The five fears every new TEFL teacher has


Deciding to move to Barcelona and teach English for a living is a bold decision. It feels very empowering to choose a different path and go off on an adventure to a foreign country, but everyone has those 2am panics about making such a big decision. This post is for all those new teachers – we had all these worries once too!

I won’t be able to find a job

You’ve spent a good chunk of your savings on a TEFL course, but languages schools are all closed for August, nobody is responding to your ad for private classes and you’re starting to think you would have been better off getting a job in a youth hostel. Our advice? Don’t panic! There’s a steady demand for English teachers in Barcelona and your TEFL course provider should be able to point you in the right direction for work contacts. Things tend to pick up in the first few weeks of September and if you get out there and are proactive, chances are you’ll be standing in front of a class by the end of September – a much better option than dealing with drunken teenagers in a youth hostel, trust us!

I don’t speak the students’ language

Is it intimidating walking into a language school and asking in bad Spanish if they have any vacancies for English teachers? Yes. Will it make a difference to your teaching ability? Absolutely not. The received wisdom is that English is best taught in an immersive environment –  in the long run it’ll be better for your students if they can’t fall back on their native language when they’re in your class.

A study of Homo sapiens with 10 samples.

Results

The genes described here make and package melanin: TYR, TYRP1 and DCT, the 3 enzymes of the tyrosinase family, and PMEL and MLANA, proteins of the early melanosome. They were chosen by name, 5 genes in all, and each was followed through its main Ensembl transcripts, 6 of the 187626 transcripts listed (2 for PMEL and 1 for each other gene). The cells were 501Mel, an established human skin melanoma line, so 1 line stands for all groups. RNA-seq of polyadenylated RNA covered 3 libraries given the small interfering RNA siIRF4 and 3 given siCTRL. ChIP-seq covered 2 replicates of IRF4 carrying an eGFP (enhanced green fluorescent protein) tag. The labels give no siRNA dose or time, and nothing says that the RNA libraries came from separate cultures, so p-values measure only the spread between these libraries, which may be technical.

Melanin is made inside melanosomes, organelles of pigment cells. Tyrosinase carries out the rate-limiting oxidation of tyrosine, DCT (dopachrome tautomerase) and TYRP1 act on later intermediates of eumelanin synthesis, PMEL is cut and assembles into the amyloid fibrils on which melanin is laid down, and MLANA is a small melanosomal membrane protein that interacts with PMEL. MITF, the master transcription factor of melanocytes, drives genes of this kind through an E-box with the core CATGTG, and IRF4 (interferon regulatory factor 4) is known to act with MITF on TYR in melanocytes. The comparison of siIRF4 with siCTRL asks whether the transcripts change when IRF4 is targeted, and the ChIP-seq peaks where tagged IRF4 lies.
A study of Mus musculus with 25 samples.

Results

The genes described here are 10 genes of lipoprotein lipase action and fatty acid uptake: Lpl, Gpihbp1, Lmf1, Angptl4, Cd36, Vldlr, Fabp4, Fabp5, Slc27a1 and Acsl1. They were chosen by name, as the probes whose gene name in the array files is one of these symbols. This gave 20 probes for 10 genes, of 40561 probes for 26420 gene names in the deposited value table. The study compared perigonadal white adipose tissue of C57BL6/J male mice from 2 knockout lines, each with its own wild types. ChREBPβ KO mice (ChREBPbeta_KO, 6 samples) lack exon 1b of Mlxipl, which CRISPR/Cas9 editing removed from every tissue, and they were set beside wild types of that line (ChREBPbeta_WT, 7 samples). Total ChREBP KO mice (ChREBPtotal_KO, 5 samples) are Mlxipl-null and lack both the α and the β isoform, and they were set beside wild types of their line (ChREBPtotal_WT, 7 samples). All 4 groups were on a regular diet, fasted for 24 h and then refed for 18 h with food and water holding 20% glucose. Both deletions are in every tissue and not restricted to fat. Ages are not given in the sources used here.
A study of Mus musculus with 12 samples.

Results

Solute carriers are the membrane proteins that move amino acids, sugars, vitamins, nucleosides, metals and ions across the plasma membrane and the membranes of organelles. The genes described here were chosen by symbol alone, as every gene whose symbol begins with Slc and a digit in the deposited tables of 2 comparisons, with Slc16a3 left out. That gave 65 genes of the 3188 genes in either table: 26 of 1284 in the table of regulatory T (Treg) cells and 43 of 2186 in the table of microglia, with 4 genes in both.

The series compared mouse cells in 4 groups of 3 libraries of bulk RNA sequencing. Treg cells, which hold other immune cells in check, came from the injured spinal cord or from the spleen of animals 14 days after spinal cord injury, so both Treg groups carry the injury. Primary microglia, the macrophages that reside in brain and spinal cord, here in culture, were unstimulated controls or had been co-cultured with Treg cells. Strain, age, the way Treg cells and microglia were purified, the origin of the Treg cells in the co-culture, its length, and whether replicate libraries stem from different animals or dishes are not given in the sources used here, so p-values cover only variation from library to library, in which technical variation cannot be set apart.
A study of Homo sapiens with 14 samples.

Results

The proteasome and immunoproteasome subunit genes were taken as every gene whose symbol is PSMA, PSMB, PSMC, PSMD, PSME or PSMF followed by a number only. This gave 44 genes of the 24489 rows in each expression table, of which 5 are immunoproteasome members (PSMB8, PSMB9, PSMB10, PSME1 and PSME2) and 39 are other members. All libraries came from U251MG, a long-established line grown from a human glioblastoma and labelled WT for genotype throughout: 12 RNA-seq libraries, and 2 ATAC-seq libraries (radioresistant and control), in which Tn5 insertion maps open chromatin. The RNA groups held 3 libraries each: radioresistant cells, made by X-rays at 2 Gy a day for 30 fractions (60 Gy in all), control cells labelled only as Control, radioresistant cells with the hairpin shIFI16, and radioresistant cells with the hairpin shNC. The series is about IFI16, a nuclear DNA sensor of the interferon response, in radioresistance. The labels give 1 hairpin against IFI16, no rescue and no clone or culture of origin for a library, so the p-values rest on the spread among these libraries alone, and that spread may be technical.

I won’t be able to manage my class

Having your TEFL trainer observe your teaching practice during the course is a bit like having a driving instructor –  you know that if you’re about to crash, there’s someone there who’ll slam on the emergency brakes. The thought of standing in front of a class alone, without this safety net, can be terrifying. But take heart – you’ve taught classes already, you’ve learned about classroom management and you’re more than capable of managing a class – otherwise you wouldn’t have passed your course.

I won’t get paid well or treated well by my school

Don’t get us wrong, there are horror stories out there. People who aren’t paid for their work, people who are fired at the whim of a DoS, people who end up doing hours and hours of unpaid marking and preparation. But there are ways you can avoid this – do your research before you take a job at a school, negotiate a balance between private classes (better-paid) and academies (more reliable). And remember, be assertive – you’re a well trained and qualified TEFL teacher with a valuable contribution to make.

There are no future career prospects 

This is one that comes up time and time again. There are many opportunities in the world of TEFL. Some people go on to be teacher trainers or department heads, others go down the academic path or become Directors of Studies – and these opportunities are available in your home country too. After all, there are a lot of immigrants and refugees in English-speaking countries who need to learn English. But even if you move into a completely different area, having experience in TEFL shows future employers that you are creative, organised and good at communication and leadership – all valuable qualities in any role!

Contact us for more information on teaching English in Barcelona.